Wildfire is a recurring natural disaster in California and many parts of the world. The pathway to improve the current planning and operation is a complex socio-technical process that spans the environment, the organization and communications structures, as well as the human behaviors before, during and after the emergency situations. In this theme, we have developed/deployed three interconnected models on the fire progression, communications process, and traffic evacuations. We have teamed up with designers, game developers, social scientists, fire and traffic agencies, as well as local communities to achieve a streamlined process from academic research to social impacts.
Figure 1. Integrated wildfire evacuation process simulation model.
Forest fires are extremely complex events that are becoming increasingly frequent and violent. Fire development is subject to a wide variety of variables that make it a difficult phenomenon to predict and model, so there are a variety of computational models that can relate these variables such as Farsite or Elmfire. To proceed for a simulation the software needs a set of input data related to terrain orography, fuel, and weather conditions, which are the factors that most influence fire behavior. However, predicting the possible dynamics that a fire may assume once ignited, however affected by uncertainty, is extremely useful in directing well in advance all those operations that can be put in place to prevent the fire from impacting people.
Simulating scenarios based on real data and that can show potential likely scenarios, as was done for example for the Bolinas case study or for cities in Marin County is important not only to understand what the impact of the event is itself but also its impact on the road network and the possibility for people to find a safe place.
Testing wildfire evacuation strategies and coordination plans for Wildland-Urban Interface (WUI) communities in California
In the event of a wildfire, government agencies need to make quick and well-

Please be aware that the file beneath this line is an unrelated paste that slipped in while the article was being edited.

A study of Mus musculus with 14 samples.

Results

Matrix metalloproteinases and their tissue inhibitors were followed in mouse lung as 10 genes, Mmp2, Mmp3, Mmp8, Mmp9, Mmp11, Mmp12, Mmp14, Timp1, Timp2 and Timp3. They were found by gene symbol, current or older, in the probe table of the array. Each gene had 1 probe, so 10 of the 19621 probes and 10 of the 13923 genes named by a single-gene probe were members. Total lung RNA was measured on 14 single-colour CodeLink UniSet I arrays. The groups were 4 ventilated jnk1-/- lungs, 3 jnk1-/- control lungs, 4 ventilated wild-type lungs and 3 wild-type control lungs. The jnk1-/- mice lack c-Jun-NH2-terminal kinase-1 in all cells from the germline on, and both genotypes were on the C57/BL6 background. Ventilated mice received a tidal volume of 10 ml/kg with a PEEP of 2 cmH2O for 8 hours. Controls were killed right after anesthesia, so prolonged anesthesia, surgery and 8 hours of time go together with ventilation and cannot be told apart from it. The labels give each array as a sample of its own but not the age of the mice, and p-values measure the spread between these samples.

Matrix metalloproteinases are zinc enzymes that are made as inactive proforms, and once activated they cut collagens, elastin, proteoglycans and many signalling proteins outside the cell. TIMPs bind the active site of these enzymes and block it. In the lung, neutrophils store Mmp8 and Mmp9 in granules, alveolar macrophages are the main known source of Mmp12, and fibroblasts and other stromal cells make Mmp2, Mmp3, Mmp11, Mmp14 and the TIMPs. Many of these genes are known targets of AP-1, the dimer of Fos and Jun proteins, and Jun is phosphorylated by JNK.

informed decisions to ensure the safe evacuation of people. Small communities in Marin County with an intermix of residences and flammable vegetation in Wildland-Urban Interface zones often lack resources to conduct dedicated evacuation studies. Consequently, this study uses a framework of wildfire and traﬀic simulation to test the performance of potential evacuation strategies, including vehicle reduction via car-pooling, phased evacuation with staggered evacuation times by zones, and prohibition of street parking in four representative areas of Marin County: Woodacre Bowl, Ross Valley, Tamalpais Valley, and an area near Highway 101 and Ignacio Blvd.
Accessing Potential Factors of Wildfire Evacuation in Marin County, CA
In this study, we address possible factors that might affect wildfire evacuation within Marin County, California. Such risk factors are incorporated within an integrated model involving fire, communications, and traffic. Five communities within Marin County were selected as case study areas to facilitate understanding about specific risks that communities might encounter: Fairfax, Novato, San Rafael, Tamalpais, and Inverness.
First, at the macro level, Marin County takes the responsibility to identify risks for the whole county. Marin Wildfire Prevention Authority (MWPA), an organization that provides resources and best practices to reduce wildfire risk, identifies wildfire threats county-wide as well as risks for specific communities. Second, meso level problems are observed at local levels where five communities that present specific risks for evacuation were selected. For example, populations who need special assistance, like school children and senior citizens, are considered. School parents and elderly care facilities within and near areas at risk of wildfire are identified and incorporated into the models. Third, at the micro level, selected agents that create bottlenecks for each study area are analyzed. This agent-based approach tracks the trajectory of agents who take the longest evacuation times. By doing so, the most detailed level of analysis is achieved by assessing the patterns of the agents’ movement measured by time.
Using this integrated model of fire, communications, and traffic, Meso-level study found that in communities like Fairfax, Novato, and San Rafael, planning is required to distribute limited resources between noon to 2pm. Such a finding was based on the result that the number of 911 calls analysis was concentrated around that time range. Therefore, sharing resources by creating inter-community networks is suggested.
Micro-analysis presented agent level evacuation paths by time, showing where the most congested areas were and at what times. The time and areas of congestion varied across communities. However, some similarities are also observed. Fairfax, San Rafael and Tamalpais commonly had evacuees with relatively longer evacuation times concentrated around nearby areas rather than being distributed throughout the community. But the locations of the agents’ congestions – between origin and destination – differed, requiring further study on specific risk factors other than communications and traffic that might affect each community.